Tax incentives are crucial to South Africa’s energy transition
Businesses now want new ways of generating their own cheap and reliable renewable electricity, yet for many years these types of small scale generation projects were simply too expensive to invest in. Through our work with clients, we are seeing that newly introduced tax incentives as well as tax structuring for larger projects are playing a critical role in getting these much needed projects off the ground.
South Africa is still predominantly fuelled by an ageing fleet of coal fired power stations which produce around 70% of the country’s power generation capacity,1 and despite the country’s abundance of sunshine and wind, renewables made up just 1% of total power generation capacity in 2020.2
The country’s energy crisis has largely been blamed on the state monopoly power provider Eskom, which has been labeled as “broken” by media outlets and criticised for high levels of corruption and underinvestment.3 The country’s central bank estimates that blackouts could cost the economy up to R899m (USD$47m) a day in 2023,4 so it is perhaps no wonder that President Cyril Ramaphosa declared South Africa’s energy crisis a “national disaster” earlier this year.
New renewables incentive
The government is now looking at ways that it can diversify the country’s energy mix and move away from coal. As such it introduced changes to the tax system which became effective earlier this year to encourage small and medium sized businesses to invest in renewables.
Finance Minister Enoch Godongwana announced that the South African National Treasury was expanding section 12B of the Income Tax Act No 58 of 1991 (the Tax Act), originally introduced in 2016, to encourage rapid private investment to alleviate the energy crisis. Prior to this amendment, section 12B allowed businesses to deduct the costs of qualifying investments in wind, concentrated solar, hydropower biomass and photovoltaic (PV) projects over a one- or three-year period, depending on the energy generation capacity. This created a cash flow benefit in the early years of a project.
Tax breaks to encourage businesses to invest in renewables have been in place since 2016. But this extended scheme is considerably more generous and as such we have seen many more businesses become interested in how they can use the scheme to invest in small scale solar facilities or inverters.
The renewables incentive scheme allows businesses to deduct 125% of the costs of qualifying investments in the first year of the project with no threshold on generation capacity, which means they can get money back on their investment.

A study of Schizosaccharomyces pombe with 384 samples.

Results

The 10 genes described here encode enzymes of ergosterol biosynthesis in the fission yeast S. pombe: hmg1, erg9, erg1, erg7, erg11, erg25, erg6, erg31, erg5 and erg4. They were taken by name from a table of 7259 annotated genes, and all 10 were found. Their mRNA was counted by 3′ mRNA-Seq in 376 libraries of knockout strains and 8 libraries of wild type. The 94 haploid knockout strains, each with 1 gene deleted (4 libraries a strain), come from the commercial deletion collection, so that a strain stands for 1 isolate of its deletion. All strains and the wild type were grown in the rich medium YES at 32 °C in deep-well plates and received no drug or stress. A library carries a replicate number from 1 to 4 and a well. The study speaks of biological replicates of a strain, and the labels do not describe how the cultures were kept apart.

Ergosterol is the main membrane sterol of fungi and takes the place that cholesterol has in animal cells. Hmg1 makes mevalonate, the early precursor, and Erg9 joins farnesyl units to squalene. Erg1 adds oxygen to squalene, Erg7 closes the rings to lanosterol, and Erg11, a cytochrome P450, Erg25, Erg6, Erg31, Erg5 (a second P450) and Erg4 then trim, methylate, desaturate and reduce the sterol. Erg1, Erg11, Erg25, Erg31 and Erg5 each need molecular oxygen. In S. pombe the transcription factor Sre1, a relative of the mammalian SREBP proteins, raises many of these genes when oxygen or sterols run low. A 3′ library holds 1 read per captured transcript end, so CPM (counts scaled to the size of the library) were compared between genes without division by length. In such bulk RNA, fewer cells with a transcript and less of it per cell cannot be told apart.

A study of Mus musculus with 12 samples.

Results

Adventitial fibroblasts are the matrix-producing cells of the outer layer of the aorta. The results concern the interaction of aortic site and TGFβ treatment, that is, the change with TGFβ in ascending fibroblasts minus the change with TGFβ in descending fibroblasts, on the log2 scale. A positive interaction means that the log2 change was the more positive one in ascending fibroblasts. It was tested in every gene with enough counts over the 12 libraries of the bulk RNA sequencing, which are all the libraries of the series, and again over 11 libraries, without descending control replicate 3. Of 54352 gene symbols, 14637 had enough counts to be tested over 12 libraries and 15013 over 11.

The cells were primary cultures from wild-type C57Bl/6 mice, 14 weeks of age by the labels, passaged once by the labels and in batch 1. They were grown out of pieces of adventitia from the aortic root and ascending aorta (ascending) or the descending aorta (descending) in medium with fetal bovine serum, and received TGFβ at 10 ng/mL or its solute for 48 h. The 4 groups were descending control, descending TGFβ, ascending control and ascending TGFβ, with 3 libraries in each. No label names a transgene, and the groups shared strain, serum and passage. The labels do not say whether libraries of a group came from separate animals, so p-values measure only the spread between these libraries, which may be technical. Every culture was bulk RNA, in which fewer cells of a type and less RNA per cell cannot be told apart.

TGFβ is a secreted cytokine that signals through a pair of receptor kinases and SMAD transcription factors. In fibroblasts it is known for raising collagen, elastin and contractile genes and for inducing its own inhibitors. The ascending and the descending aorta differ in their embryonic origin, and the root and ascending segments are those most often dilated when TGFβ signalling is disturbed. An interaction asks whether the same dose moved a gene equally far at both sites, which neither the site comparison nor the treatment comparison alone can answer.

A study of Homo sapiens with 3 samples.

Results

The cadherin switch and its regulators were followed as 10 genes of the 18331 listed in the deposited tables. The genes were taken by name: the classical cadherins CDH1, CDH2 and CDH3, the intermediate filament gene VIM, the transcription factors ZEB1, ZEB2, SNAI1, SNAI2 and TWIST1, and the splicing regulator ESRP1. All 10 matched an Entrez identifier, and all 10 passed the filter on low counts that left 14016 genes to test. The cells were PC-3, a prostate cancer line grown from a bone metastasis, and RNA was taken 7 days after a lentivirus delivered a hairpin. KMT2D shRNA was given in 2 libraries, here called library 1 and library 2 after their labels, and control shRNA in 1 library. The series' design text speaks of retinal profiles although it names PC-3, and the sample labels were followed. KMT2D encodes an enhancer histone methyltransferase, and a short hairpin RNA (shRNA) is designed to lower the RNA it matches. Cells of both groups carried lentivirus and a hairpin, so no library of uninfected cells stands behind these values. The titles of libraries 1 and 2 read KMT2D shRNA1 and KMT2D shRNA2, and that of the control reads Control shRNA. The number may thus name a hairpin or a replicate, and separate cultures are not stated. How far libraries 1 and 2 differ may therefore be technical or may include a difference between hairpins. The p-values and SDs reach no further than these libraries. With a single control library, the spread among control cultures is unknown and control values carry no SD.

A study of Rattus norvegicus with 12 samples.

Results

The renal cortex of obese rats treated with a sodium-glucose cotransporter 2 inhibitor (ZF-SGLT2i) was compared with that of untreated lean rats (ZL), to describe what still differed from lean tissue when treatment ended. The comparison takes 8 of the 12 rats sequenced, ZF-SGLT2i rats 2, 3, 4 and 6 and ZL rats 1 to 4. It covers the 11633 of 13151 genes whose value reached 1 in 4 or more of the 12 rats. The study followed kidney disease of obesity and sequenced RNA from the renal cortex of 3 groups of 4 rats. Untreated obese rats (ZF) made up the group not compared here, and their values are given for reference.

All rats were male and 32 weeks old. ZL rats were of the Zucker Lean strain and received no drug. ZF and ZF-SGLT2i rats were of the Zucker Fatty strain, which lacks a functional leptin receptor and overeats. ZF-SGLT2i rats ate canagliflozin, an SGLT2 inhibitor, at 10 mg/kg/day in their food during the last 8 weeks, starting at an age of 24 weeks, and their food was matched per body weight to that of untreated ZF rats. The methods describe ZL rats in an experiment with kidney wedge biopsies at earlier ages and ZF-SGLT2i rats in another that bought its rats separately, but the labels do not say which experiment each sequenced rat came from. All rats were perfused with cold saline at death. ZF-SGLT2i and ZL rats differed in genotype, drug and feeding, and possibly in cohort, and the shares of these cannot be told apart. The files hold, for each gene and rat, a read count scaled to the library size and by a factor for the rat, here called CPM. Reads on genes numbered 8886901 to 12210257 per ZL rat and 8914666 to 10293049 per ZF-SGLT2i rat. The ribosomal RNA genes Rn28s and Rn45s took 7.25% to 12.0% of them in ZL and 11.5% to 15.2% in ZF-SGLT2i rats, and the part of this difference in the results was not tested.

For instance, a company that buys solar panels worth R1m will qualify for a tax deduction of up to R1.25m during its first year of operation. The adjusted incentive is currently a temporary measure and only available for investments brought into use for the first time between 1 March 2023 and 28 February 2025. It is expected to cost the government around R5bn (USD266m) in 2023 to 2024.
We believe the scheme is a promising start in encouraging small and medium sized businesses to ramp up their renewables investments. We have seen considerable interest from clients, but the biggest hurdle remains financing. At present, this is mostly through bank loans but there are structuring opportunities in terms of which private capital funds can benefit from financing these projects, particularly if the scheme becomes a longer term policy.
It is not just small and medium sized companies that are increasingly interested in investing in their own renewable generation. Large industrial companies typically have energy intensive operations that make big demands on the grid, and the majority of these companies are desperate to avoid costly shutdowns caused by blackouts.
These larger industrial companies are reliant on financing from banks and international investors to invest in solar panels, wind turbines, inverters or battery storage systems. But tax structuring is still a crucial part of making these deals financially viable.
We have seen considerable interest from mining companies in such projects, recently advising Rio Tinto on the installation of a 148MW Solar PV project for Richards Bay Minerals, as well as Tronox on a 200MW Solar PV project for Tronox Mineral Sands.
Many of the financing structures require a mix of equity, debt or similar instruments, that take the form of hybrid instruments such as preference shares. These instruments must comply with anti-avoidance rules contained in various sections of the Tax Act. If companies do not think about the tax implications of these structures at an early stage it can scupper an entire deal; we have seen several examples of banks, investors and target companies being forced back to the drawing board to restructure their transactions because large tax liabilities made these deals unworkable. As such, tax structuring always needs to be at the forefront of the discussions.
It remains to be seen how effective the government’s new tax policies will be in boosting South Africa’s private investment in renewable energy. But we believe that tax incentives and tax structuring will remain crucial to the private sector’s attempts to create its own new sources of clean power. What is clear is that the economy desperately needs change. Companies want reliable and cheap sources of power because without it, they and the economy simply cannot grow.